Wednesday, 5 September 2012

The Second Visit (Sensitive Content)

I hadn’t made any arrangements for the following day, and as I took the short walk from my front door to Stuart and Karen’s house, the apprehension that swept over me was almost suffocating, as was the fear that violently churned in the pit of my stomach.
Sleep had, surprisingly, greeted me fairly quickly the night before; my mind had not yet fully digested what had happened. But as I neared the destination, inching my way forward, my head became awash with the frightening details of the encounters I'd had over the last couple of years.
The photo sessions with Ropeman, the sexual contact Stu had subjected me to; I began to wonder if it was all part and parcel of normal adult life. But mostly, I was scared of them.  Afraid that if I didn't show up, one of them would say something to my parents about what had taken place.  And truth be told, I was terrified.  Stu frightened me more than anyone I'd ever met.
Karen opened the door and gave me a warm smile. It wasn’t the sickly smile of Ropeman, nor was it the twisted grin I’d seen on Stu’s face the previous day, but I still felt an almost irrepressible urge to smack the smile clean off her face. She was evil; not nearly as intimidating as Stu, but evil just the same.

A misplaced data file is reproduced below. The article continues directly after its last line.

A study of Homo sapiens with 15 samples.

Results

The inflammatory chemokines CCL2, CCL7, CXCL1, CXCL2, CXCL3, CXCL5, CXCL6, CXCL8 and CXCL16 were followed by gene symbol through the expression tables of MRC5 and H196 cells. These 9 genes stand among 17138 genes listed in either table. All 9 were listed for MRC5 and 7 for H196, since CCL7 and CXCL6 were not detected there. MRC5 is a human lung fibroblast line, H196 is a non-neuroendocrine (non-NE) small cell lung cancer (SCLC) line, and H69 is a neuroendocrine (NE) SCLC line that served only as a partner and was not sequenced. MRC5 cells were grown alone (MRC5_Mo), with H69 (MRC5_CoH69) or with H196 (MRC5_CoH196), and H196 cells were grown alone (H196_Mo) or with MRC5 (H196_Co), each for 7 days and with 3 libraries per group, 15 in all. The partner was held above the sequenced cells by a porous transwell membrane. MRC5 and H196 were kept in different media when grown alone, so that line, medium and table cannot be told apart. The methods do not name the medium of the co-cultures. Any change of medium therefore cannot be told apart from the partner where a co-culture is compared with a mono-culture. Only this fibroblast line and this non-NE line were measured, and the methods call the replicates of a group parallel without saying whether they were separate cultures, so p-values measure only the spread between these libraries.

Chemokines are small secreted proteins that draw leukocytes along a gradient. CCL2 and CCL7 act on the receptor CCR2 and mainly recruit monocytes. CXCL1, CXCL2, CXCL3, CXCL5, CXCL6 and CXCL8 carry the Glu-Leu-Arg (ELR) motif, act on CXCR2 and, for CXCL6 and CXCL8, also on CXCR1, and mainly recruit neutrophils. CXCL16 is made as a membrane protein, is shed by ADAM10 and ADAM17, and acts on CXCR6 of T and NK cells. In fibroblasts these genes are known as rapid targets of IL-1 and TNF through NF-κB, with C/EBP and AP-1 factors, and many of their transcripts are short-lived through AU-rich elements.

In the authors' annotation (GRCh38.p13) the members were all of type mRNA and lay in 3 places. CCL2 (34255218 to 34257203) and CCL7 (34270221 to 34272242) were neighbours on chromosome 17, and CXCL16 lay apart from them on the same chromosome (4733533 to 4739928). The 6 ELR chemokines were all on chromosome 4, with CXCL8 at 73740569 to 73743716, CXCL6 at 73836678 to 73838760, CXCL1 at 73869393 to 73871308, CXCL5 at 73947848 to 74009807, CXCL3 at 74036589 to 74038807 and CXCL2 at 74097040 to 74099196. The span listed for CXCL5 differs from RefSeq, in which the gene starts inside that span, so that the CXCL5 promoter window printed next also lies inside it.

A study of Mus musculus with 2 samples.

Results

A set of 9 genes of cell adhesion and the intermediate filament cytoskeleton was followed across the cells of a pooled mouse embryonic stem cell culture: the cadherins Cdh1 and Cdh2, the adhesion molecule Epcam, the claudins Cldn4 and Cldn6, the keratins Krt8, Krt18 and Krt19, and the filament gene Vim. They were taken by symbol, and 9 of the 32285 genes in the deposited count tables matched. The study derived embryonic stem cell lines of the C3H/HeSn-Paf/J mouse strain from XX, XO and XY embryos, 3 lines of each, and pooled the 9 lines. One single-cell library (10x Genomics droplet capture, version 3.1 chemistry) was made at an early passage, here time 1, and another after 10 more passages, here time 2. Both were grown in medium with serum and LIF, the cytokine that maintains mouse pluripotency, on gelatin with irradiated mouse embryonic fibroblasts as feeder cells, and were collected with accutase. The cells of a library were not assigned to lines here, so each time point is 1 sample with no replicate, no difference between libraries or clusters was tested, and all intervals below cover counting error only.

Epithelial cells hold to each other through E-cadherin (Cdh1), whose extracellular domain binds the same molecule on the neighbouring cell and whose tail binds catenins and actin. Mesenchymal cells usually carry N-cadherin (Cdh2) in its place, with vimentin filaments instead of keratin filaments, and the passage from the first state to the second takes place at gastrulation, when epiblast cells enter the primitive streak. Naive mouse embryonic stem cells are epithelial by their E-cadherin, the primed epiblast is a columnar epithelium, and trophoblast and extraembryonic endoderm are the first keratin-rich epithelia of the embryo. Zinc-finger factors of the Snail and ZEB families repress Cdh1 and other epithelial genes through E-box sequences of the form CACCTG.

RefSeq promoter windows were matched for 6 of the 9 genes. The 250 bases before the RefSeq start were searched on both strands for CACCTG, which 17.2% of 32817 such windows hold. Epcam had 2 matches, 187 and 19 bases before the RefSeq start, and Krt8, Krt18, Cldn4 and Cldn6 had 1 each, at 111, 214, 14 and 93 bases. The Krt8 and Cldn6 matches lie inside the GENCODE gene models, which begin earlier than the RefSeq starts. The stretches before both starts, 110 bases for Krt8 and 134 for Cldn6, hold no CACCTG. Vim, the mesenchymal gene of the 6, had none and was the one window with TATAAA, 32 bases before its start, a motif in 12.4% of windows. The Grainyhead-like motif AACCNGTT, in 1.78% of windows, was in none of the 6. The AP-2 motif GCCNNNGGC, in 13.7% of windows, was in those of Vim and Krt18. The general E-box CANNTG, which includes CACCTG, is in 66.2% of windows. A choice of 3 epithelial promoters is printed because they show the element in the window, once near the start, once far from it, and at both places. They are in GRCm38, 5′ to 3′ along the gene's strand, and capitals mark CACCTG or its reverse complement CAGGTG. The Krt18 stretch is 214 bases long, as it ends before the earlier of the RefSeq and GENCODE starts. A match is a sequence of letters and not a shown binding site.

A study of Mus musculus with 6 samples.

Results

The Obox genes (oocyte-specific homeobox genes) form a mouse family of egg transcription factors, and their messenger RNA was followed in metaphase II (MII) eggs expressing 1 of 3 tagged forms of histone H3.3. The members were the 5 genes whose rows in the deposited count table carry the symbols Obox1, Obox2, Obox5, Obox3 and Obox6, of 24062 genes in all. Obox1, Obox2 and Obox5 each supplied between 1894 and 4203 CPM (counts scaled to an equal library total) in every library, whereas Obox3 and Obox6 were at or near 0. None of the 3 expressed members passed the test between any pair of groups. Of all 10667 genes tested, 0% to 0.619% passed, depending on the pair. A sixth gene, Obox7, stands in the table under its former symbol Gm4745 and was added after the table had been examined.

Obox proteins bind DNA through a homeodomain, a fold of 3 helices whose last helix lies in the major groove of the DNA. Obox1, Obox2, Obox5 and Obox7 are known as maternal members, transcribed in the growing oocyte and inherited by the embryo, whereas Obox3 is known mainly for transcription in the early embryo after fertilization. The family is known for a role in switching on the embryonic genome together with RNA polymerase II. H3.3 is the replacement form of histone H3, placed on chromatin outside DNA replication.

I walked past her and strutted into the lounge, my blond spikes erupting from my skull in all their glory. “Alright Stu.” he looked up from his paper, his bright blue eyes seemed to sparkle, and for the first time I noticed just how scarred his face actually was.
Karen came up behind me, I felt her hand on my shoulder, and “Don't I get a kiss then"?
I didn’t know where to look, much less what to say. I’m not sure if it was visible, but my whole body felt as though it was physically shaking. I tried to make a joke of it and simply kissed her on the cheek, quickly rubbing my lips with the back of my hand and pretending to be sick, mimicking the actions of a four or five year old child.
After sitting on the sofa, I asked Stuart if it was okay to turn on the CB, which was on a small table between where I was sitting and his armchair. “Leave it off for the minute,” he replied, “maybe we’ll put it on after a cuppa.”
Before I could do or say anything else he told me to stand in front of him, telling me I was wearing my studded belt all wrong. I did as was asked, and he began rubbing my crutch.